When Engineering senior Christopher Grewe discovered a lump on his neck in January, his internist knew right away that it was Hodgkin”s lymphoma, a rare form of cancer that attacks the immune system.
“It was a shock,” Grewe said. “I was running triathlons, had never put a cigarette in my mouth and taken good care of my body. I had no clue what it was.”
Grewe, a member of the Sigma Chi fraternity, depended on family and friends while he received six months of chemotherapy and radiation for Type II Hodgkin”s disease, which only affects the middle of the chest and above.
“They put their life on hold for the entire month of January and were there to hold the bucket,” Grew said of his parents, who watched TV with him and provided comfort when the nausea and vomiting that accompanies chemotherapy worsened. “I”ve never not felt blessed by my parents.”
Grew also felt that need to support his family members, who had to deal with his life-threatening illness.
“Your support group needs a support group. It”s hard because no one knows how to treat you or deal with it. You”re caught in the middle and have to figure out how to deal with that,” Grewe said.
Grew”s fraternity brothers and girlfriend also provided necessary companionship and even financial assistance throughout the past 10 months.
“Those guys would lie in front of a train for me,” said Grewe about his brothers, who petitioned the House Corps and the fraternity”s national chapter for financial support to pay medical expenses.
“It was substantial,” Grewe added
Since his recovery, Grewe has developed a new look on life. “I still go out a lot, but I”m more looking forward to getting my body back in shape,” he said. He hopes to complete an Ironman triathlon with his sister and her fianc in the near future. “My attitude is the same, just more laid back.”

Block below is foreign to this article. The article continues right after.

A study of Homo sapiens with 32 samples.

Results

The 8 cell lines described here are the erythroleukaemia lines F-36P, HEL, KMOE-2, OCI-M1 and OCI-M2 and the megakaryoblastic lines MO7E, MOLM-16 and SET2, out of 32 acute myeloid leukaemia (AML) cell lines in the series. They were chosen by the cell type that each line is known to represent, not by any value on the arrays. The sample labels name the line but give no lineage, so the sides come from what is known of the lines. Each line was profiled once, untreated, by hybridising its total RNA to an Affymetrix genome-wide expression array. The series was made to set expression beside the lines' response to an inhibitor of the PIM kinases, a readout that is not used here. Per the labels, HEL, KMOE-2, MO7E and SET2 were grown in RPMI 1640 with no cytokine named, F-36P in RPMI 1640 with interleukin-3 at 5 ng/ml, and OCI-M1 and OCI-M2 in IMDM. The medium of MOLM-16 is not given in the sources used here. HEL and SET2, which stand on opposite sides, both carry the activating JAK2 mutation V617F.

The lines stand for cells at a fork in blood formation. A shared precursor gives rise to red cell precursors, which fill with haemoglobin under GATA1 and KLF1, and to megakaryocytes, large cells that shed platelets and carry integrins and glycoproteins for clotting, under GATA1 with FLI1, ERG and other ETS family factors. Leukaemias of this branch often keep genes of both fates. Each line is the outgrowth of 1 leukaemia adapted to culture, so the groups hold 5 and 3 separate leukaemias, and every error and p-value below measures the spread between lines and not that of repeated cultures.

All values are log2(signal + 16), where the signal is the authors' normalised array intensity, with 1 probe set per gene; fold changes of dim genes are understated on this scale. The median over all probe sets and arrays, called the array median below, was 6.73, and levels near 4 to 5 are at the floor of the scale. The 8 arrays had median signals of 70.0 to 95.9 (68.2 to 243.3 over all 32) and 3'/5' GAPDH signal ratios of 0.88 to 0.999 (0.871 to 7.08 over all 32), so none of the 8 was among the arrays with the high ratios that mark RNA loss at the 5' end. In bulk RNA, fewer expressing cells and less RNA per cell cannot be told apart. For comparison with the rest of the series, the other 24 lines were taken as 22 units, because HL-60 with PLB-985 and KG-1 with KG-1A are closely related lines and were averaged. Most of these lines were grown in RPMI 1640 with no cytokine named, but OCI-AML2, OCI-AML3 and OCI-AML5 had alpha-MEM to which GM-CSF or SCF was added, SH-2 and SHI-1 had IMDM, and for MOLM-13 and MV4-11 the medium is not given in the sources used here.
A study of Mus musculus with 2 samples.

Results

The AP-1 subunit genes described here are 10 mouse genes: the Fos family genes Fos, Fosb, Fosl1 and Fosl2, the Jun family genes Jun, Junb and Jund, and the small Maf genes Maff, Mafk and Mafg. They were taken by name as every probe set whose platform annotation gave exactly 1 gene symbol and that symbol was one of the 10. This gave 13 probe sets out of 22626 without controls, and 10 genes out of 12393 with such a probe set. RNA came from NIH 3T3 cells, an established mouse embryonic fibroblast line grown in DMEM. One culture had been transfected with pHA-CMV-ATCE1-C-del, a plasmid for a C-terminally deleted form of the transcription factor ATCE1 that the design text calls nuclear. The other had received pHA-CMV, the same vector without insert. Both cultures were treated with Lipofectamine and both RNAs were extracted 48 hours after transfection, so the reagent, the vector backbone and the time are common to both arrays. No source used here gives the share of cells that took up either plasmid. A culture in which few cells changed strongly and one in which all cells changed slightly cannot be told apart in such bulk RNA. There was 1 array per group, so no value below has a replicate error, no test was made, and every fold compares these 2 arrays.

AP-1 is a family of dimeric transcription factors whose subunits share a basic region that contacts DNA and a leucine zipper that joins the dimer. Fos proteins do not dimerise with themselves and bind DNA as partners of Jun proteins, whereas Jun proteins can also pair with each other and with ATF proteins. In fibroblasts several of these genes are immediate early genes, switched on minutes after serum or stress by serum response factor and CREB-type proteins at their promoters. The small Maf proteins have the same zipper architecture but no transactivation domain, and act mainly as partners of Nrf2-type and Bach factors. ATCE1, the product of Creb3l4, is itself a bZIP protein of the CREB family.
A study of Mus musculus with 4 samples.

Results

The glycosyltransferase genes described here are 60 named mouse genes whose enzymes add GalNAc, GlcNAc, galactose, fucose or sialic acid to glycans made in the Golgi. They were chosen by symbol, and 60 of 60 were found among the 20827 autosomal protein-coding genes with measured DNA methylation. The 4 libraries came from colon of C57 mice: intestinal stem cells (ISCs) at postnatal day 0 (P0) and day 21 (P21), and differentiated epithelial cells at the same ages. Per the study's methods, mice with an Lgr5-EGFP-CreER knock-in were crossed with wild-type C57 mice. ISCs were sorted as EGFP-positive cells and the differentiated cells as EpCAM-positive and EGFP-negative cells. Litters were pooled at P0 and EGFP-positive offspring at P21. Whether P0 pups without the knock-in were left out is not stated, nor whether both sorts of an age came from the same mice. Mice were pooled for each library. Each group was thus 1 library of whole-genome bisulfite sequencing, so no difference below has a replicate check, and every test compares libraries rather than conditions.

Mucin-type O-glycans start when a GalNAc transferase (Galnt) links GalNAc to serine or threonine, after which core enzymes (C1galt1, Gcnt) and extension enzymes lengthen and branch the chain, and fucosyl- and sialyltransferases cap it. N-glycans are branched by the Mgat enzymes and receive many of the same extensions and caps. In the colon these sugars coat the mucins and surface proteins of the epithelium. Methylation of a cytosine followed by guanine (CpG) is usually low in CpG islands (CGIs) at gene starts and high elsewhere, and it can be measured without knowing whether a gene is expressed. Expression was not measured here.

Grewe is also this year”s chair of Derby Days, an annual fundraiser organized by the Sigma Chi fraternity, which begins today with interfraternity boxing in the basement of the house at 548 S. State St.
Ten sororities and five fraternities signed up to participate in the event, which hopes to raise $1,000, despite difficulties in fundraising because of the recent decline in the economy.
The majority of money raised so far is from T-shirt sales, and the group hopes to sell more shirts to Derby Day”s 500 expected participants.
“It”s just as much of a relief to have fun as it is to raise money. It”s like Greek Week, but it involves raising money for a specific cause,” Grewe said.
The money raised this year will be split between the American Cancer Society, in honor of people related to the fraternity affected by the disease, and the Children”s Miracle Network.
An annual blood drive run by the American Red Cross took place Wednesday as a prelude to the weekend”s events, which include tonight”s Mock Rock and a variety of activities tomorrow like karaoke and tricycle races. All events take place at the Sigma Chi house on State Street.